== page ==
Key quotes

“The S&P 500 would sink to 3100 between the election and the presidential inauguration in early January, given a Blue Sweep, versus 3600 for a Red Redux or roughly 3400 for the two other scenarios.”

“Looking at equities elsewhere, overseas markets would likely see an immediate lift, if the election puts Democrats in control. A Blue Sweep could particularly favor European equities because, among other reasons, investors are likely to view Europe as a good relative value in light of increased US fiscal spending and tax policy reform.”

“A Democratic sweep may also benefit emerging market equities, given its association with expectations for more infrastructure spending and rising long-end yields. One notable exception is Russia, which could face oil-price downside and rising investor concern about Russia-specific sanctions risks.”

“In the event of a Republican sweep, equity markets could respond favorably, with the S&P 500 rising from current levels between the election and the inauguration. Telecoms, US energy and asset managers would likely get a boost from expectations for continued deregulation.”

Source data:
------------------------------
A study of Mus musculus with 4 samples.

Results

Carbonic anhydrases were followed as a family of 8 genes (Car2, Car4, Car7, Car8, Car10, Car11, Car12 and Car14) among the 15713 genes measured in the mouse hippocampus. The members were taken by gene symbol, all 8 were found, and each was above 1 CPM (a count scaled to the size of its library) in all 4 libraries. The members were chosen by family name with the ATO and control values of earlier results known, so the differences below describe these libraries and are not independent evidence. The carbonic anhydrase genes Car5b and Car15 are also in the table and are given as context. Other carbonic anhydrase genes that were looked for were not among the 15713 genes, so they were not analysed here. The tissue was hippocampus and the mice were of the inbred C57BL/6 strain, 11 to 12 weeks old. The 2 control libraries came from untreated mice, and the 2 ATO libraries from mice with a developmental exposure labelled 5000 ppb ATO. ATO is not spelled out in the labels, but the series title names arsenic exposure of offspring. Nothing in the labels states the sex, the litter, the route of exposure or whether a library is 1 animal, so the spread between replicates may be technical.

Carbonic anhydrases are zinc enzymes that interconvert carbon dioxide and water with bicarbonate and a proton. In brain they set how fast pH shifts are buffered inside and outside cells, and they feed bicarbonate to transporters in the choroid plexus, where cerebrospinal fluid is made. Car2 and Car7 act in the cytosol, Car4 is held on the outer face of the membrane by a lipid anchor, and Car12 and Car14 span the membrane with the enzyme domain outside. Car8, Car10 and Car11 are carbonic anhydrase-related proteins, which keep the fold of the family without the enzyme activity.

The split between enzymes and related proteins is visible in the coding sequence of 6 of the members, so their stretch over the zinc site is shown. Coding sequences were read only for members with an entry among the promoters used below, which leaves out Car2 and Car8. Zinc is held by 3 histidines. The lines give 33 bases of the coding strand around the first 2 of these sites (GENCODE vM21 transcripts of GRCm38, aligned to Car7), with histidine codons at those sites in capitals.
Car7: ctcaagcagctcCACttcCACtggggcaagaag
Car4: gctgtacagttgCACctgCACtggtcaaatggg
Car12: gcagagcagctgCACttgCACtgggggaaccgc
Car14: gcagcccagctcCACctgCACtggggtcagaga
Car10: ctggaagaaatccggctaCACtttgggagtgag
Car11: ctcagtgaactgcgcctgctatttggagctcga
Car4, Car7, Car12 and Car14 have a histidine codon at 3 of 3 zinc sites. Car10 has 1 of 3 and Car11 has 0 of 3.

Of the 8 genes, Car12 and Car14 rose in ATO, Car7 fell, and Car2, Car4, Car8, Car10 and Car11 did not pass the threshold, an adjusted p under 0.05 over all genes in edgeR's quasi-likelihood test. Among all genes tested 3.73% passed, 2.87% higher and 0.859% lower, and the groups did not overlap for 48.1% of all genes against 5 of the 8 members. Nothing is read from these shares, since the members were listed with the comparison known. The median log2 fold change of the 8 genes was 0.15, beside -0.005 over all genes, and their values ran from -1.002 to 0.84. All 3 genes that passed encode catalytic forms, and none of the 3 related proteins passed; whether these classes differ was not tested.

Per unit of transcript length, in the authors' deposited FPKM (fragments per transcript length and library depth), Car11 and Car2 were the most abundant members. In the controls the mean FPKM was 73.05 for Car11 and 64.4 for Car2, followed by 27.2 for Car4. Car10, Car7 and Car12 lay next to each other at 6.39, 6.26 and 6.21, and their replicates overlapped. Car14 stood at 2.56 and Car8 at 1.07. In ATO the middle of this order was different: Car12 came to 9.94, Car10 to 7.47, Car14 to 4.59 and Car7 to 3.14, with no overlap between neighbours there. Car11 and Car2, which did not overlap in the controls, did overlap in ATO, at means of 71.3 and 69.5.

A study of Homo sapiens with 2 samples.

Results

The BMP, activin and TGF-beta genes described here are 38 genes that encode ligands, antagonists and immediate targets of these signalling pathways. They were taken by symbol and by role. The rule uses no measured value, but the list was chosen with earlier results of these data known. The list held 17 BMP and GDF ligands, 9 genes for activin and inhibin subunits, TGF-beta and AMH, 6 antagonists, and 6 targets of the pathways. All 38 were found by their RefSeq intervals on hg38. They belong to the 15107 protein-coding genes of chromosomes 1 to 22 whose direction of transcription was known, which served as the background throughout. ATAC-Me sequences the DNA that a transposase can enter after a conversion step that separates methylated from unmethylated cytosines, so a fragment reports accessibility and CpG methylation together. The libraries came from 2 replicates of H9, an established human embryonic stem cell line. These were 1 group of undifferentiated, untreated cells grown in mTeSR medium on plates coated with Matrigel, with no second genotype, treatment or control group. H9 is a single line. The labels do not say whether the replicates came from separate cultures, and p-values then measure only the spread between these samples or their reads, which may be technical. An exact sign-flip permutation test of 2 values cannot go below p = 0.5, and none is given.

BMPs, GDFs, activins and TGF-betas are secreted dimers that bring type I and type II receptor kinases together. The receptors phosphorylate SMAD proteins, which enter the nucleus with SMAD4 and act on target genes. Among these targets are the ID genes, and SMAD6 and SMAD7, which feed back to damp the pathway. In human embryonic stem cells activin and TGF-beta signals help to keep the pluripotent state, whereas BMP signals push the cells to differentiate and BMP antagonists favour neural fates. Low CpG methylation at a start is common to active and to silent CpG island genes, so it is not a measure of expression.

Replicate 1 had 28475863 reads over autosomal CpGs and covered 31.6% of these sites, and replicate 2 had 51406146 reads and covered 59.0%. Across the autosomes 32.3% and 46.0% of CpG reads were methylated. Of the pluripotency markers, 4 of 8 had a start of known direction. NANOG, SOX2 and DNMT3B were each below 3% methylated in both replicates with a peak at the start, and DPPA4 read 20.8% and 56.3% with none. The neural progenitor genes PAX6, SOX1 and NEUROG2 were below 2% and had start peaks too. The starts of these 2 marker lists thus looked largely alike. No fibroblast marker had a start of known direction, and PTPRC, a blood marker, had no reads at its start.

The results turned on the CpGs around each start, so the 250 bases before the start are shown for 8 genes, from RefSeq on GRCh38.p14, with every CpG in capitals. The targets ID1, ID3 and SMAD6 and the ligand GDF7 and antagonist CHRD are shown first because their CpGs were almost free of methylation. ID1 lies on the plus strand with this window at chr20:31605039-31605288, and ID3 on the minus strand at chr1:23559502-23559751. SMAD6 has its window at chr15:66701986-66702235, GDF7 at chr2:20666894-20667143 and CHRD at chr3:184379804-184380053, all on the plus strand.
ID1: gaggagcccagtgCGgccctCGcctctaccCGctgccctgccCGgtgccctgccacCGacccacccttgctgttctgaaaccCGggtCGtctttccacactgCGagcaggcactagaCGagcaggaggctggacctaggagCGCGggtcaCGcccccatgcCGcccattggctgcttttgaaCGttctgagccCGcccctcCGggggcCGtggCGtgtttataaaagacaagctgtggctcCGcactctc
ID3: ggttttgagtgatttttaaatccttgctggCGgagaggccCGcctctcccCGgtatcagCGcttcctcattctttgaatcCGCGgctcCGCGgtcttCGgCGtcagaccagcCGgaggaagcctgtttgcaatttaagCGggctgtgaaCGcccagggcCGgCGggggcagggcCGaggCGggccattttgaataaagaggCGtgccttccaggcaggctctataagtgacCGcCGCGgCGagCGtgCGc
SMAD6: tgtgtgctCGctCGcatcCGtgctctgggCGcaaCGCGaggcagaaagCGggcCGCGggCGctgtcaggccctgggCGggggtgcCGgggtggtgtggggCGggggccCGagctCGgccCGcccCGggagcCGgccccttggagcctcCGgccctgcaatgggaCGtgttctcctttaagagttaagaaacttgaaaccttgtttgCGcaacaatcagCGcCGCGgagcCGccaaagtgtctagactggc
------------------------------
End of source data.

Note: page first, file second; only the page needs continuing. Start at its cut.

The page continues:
“European equities may also rally on a Red Redux, with healthcare stocks leading the way. Longer-term, however, the relative case for Europe and other global markets might not be as favorable under this scenario, compared with a Blue Sweep.”

“If the election yields a divided government, investors should plan for market detours in many asset classes. In a Blue Tide or Thin Red Line, the S&P 500 could hover around current levels on Inauguration Day. Over the longer-term, however, divided power may carry more risk, particularly for credit and equities.”